By Safiyyah Wilson PPS'24
“Service before self.” This is one of the core values of the United States Air Force and the sentiments echoed by Captain Nahima Hoque who gave an insightful lecture to Dr. Boucher’s Introduction to U.S. Healthcare class.
As a public health officer in the Air Force, Captain Hoque carries an enormous amount of responsibility and wisdom. Some of her duties include tending to the greater community's health, monitoring health trends, advising on communicable disease mitigation, managing deployment health requirements, and briefing medical intelligence.
Before becoming a public health officer, Captain Hoque lived in Jordan as part of the Boren fellowship in which she studied Arabic to support the United States’ national security efforts. In listening to the words of Captain Hoque, it was clear she feels a great sense of responsibility for her position in the Air Force and derives joy from her profession as well.
As a college student, finding ways to intertwine career prospects and educational interests can be difficult. It can sometimes feel like the options post-graduation options are severely limited: medical school, finance, or consulting. However, in hearing from an established professional like Captain Hoque, it is evident that there is an opportunity to draw upon personal interests in the career field of your choice.
"Non-traditional paths add a more enriching experience and broader perspective that will be an asset to any organization/institution that can value and appreciate it". - Captain Hoque
Captain Hoque's words of wisdom resonated with me and will stick with me throughout my academic career. It can be difficult to avoid succumbing to the academic pressures that surround us. Whether that be pressure to choose a major that “sounds better” or extracurriculars that make your resume appear more competitive, true enriching experiences in your educational career can be derived from potentially non-traditional paths.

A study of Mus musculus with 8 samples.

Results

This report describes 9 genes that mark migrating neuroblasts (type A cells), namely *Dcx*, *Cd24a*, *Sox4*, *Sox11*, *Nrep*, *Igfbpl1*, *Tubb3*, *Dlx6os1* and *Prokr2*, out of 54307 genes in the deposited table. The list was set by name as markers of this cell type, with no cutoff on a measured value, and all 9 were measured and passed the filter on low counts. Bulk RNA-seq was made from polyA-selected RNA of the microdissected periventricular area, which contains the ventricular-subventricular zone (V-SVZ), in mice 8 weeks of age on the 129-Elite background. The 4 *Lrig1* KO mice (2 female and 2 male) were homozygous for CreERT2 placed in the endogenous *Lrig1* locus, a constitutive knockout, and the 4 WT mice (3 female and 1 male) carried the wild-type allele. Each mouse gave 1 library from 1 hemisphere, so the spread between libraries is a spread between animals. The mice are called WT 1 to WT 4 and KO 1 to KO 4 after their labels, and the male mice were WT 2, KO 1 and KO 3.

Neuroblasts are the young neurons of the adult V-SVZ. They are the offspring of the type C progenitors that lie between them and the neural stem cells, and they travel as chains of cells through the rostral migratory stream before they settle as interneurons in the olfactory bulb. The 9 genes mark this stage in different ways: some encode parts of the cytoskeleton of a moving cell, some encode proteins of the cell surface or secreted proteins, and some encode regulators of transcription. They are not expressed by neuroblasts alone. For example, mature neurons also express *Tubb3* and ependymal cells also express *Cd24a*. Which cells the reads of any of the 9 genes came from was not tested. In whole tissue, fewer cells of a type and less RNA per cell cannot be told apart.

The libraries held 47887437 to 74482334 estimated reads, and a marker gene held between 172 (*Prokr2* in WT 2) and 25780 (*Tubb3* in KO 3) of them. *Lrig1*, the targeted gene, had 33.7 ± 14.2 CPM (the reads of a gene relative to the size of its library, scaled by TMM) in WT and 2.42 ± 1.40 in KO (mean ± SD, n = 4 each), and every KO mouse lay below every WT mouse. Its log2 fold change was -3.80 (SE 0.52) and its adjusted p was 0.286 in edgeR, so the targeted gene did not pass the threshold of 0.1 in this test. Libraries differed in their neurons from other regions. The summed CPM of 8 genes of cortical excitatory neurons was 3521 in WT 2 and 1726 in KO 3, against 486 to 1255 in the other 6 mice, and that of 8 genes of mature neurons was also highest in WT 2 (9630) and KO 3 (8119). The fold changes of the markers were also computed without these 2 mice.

I’ve felt academic pressure to choose specific academic courses to prepare for life after graduation, regardless of their interest to me. This is not to say that you shouldn’t prepare for a post-graduate career, but it is a much-appreciated reminder that academic fulfillment and career success are not mutually exclusive.
Captain Hoque hopes to “combine all of those skills to support our global engagements and partnerships,” and I can only hope that upon graduation I can combine the skills afforded to me to make a difference in the greater community.
Safiyyah Wilson is a Trinity junior studying Public Policy and Sociology and earning a certificate in Markets and Management Studies. She also is involved with The Women's Network and the Duke Consortium for Inflammatory Breast Cancer. She currently works as a research assistant at the Sanford School.